Joe Don Rooney chuckles as he tells a story about his dad flipping out over seeing a cavalcade of country legend Alabama's semi trucks rolling down the interstate near their Oklahoma hometown when he was growing up.

"It was like '89 or '90 when they were just on fire," Rooney says. “He said, 'I saw seven of ‘em, right in a row.’ And I said ‘Really!' and my eyes were really big and his eyes were really big because he loved them so much."

Alabama notched their first radio hit in 1980, and started to lose their place after releasing "God Must Have Spent a Little More Time on You," a collaboration with N'Sync in 1999. By comparison, Rascal Flatts notched their first hit in 2000 and just dropped a new single called "Back to Life." It's 19 years to 18 years, with this trio of Rooney, Gary LeVox and Jay DeMarcus showing few signs of slowing down.

We say "few signs" because they are making a career change, but "It’s really cool to go back to those moments and think about the seeds being planted, and now knowing what we’ve been able to do living in Nashville, it’s incredible," Rooney says, his bandmates nodding in agreement.

So about that change? It's kind of drastic. “I think our years of cutting full-length albums are on hold right now,” bassist and producer DeMarcus says when pressed for more details about where the new music will live. Fans can expect more immediate releases via streaming partners or digital retailers, but for the most part, they're hopping off the album-every-two-years train they've been on for nearly two decades.

"You need to continue to find ways to engage fans to keep them excited about what you're doing," he says. "So we're going to keep hitting them with content ... we may do a country cover batch. We may do a hair metal band batch of songs and just experiment with some of the things that we grew up loving."

At the time of the interview in late August, they had cut several covers by artists including Foreigner, Huey Lewis and the News and Kenny Loggins.

In 10 years, we'll know if they stepped back from the album cycle to recharge or relax, but it's clear Rascal Flatts are still interested in making new, relevant country music right now. Dan + Shay's Shay Mooney co-wrote "Back to Life," their first single of 2018 and one of five they've been working on. The duo also toured with Rascal Flatts this year, and there's a bond between them that allows for the kind of teasing you'd reserve for brothers.

"They could have put this song on their latest album," Rooney begins after DeMarcus shared how the writers targeted Rascal Flatts for the song, with Mooney (a modern day Gary LeVox) even singing the demo.

"It shows you how stupid they are too," DeMarcus quips.

"I'm glad you said that because I was gonna say that," Rooney adds as they all laugh.

Dan + Shay have been open about how the trio have influenced them, and years ago, that may have been threatening to a group of men that had carved out their own lane in country music. There are a lot of similarities between the acts, but "humbled" is the word Rascal Flatts keep repeating when asked to describe the dynamic.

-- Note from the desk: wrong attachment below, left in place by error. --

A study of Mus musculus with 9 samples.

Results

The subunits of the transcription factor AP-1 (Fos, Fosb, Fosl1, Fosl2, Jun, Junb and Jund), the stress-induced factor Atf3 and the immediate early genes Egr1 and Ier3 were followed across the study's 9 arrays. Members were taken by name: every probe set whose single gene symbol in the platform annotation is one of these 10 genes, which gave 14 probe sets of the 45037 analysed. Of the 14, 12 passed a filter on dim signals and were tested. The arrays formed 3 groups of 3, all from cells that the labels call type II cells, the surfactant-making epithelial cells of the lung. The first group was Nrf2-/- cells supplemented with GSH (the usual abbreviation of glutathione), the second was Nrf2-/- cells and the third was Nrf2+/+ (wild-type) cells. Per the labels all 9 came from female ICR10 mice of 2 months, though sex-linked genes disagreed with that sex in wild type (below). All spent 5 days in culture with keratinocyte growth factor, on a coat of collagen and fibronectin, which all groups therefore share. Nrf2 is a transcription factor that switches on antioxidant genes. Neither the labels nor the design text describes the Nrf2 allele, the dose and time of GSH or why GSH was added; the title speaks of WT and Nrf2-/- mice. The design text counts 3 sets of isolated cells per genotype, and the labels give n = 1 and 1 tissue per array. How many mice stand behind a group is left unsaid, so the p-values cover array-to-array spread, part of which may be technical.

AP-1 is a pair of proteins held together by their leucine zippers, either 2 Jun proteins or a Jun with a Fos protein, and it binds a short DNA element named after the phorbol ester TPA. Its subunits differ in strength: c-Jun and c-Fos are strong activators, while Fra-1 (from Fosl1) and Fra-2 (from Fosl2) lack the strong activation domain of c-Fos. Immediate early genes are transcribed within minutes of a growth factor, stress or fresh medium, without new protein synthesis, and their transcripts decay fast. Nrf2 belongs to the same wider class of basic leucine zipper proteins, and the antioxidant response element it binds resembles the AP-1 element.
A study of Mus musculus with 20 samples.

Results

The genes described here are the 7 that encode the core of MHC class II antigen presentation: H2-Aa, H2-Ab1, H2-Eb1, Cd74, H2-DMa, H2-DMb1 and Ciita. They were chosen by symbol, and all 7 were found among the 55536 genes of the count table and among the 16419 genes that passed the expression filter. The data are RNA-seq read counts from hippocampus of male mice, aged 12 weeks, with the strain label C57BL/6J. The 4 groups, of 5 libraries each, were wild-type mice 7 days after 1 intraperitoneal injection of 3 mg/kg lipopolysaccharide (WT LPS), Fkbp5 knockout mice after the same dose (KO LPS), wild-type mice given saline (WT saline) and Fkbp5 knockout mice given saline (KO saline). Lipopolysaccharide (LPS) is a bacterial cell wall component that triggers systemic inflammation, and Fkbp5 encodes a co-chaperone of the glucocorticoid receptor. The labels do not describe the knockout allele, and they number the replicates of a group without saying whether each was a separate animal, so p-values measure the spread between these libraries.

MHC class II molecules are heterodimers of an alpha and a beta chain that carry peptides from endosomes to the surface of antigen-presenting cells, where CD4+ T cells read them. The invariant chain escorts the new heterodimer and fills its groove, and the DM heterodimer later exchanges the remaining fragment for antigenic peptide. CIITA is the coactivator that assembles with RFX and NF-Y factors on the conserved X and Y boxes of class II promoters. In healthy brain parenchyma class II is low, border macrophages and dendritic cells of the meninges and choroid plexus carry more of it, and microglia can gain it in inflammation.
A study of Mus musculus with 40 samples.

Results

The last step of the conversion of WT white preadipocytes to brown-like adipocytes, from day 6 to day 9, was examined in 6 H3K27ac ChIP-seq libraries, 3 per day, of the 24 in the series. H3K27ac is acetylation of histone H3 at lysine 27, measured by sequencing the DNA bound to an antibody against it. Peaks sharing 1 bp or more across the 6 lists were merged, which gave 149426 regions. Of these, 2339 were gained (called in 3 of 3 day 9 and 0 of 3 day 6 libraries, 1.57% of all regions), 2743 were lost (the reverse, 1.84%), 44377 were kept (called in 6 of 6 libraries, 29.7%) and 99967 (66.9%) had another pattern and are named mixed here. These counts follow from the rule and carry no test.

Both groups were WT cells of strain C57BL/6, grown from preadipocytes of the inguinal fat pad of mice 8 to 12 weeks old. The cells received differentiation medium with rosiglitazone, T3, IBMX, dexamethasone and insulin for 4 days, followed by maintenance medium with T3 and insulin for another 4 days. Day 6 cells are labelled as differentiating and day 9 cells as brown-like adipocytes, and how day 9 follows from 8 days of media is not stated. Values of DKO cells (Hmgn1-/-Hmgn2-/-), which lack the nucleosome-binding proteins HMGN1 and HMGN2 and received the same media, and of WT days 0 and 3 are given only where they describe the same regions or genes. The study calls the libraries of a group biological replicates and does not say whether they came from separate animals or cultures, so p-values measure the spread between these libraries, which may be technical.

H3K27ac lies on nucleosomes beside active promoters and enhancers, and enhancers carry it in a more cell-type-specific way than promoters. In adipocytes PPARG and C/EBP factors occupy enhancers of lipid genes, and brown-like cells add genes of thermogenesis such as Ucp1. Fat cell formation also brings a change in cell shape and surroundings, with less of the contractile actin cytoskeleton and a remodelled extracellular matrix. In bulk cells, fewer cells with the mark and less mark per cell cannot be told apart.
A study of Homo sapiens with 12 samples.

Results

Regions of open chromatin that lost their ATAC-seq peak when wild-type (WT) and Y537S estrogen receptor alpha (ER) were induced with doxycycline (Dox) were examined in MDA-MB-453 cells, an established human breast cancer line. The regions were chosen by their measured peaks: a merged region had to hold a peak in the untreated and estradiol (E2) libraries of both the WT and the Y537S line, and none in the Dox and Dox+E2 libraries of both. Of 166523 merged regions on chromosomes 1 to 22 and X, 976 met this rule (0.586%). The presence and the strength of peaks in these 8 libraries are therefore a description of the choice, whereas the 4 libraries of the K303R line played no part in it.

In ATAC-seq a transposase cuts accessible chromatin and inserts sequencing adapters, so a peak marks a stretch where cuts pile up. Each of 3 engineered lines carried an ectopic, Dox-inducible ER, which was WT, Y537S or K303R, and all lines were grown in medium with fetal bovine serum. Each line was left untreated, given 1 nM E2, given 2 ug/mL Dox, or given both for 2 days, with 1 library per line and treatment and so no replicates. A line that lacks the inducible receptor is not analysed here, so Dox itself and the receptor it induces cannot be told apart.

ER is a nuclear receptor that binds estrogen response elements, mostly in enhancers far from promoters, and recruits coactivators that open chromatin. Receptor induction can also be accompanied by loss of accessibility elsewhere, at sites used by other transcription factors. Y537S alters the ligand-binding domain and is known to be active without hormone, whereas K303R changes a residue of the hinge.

"A lot of people have said that when we first hit the scene, we kind of opened the doors for that style of music," LeVox says. "We're just humbled by it. We take great pride in doing what we've done, and other acts come in and like what we've done and they kind of take our sound and made it their own and expanded on it."

We'll stop short of calling it a mentor relationship, but it's clear Mooney and Smyers look up to the group and Flatts are willing to help. They've now cut several songs written by one or both members of the duo, taken them on the road and talked about that special form of trolling reserved for pop-country artists.

"Shay and I, we've definitely talked about it," LeVox says. "At this point, that's such old news, and such a terrible box to try to continue to contain people in. You got Luke Bryan and everybody else, they're having hip-hop loops behind them. What's country and what isn't country? It's the lifestyle, it's what you sing about, what you talk about, but musically there's nobody that has fiddles in it anymore."

"I think those arguments are so naive now because of how wide open the genre is. There's room for everybody," DeMarcus says.

"As an artist, you feel if it's right or not for you," Rooney says. "When we started out, we felt comfortable with what we did; whether we got criticized for it or not, we felt like it was the right thing to do. Being true to your artistry and what you believe and staying that path is one of the hardest things you might have to try to do as an artist."

DeMarcus again: "I think it may be harder for us back then than it is for them, because they get instant feedback on social media. We didn't have instant feedback. We had to keep doing what we were doing to see if people were liking it."

Time is a wheel so, of course, Flatts are playing the role once played for them by Vince Gill and Toby Keith. "Hey man," Rooney starts, impersonating what the "How Do You Like Me Now?" singer told them years ago. "Who gives a crap, man? Just do what you wanna do."

It's a lousy impression, but it's advice they're still following today.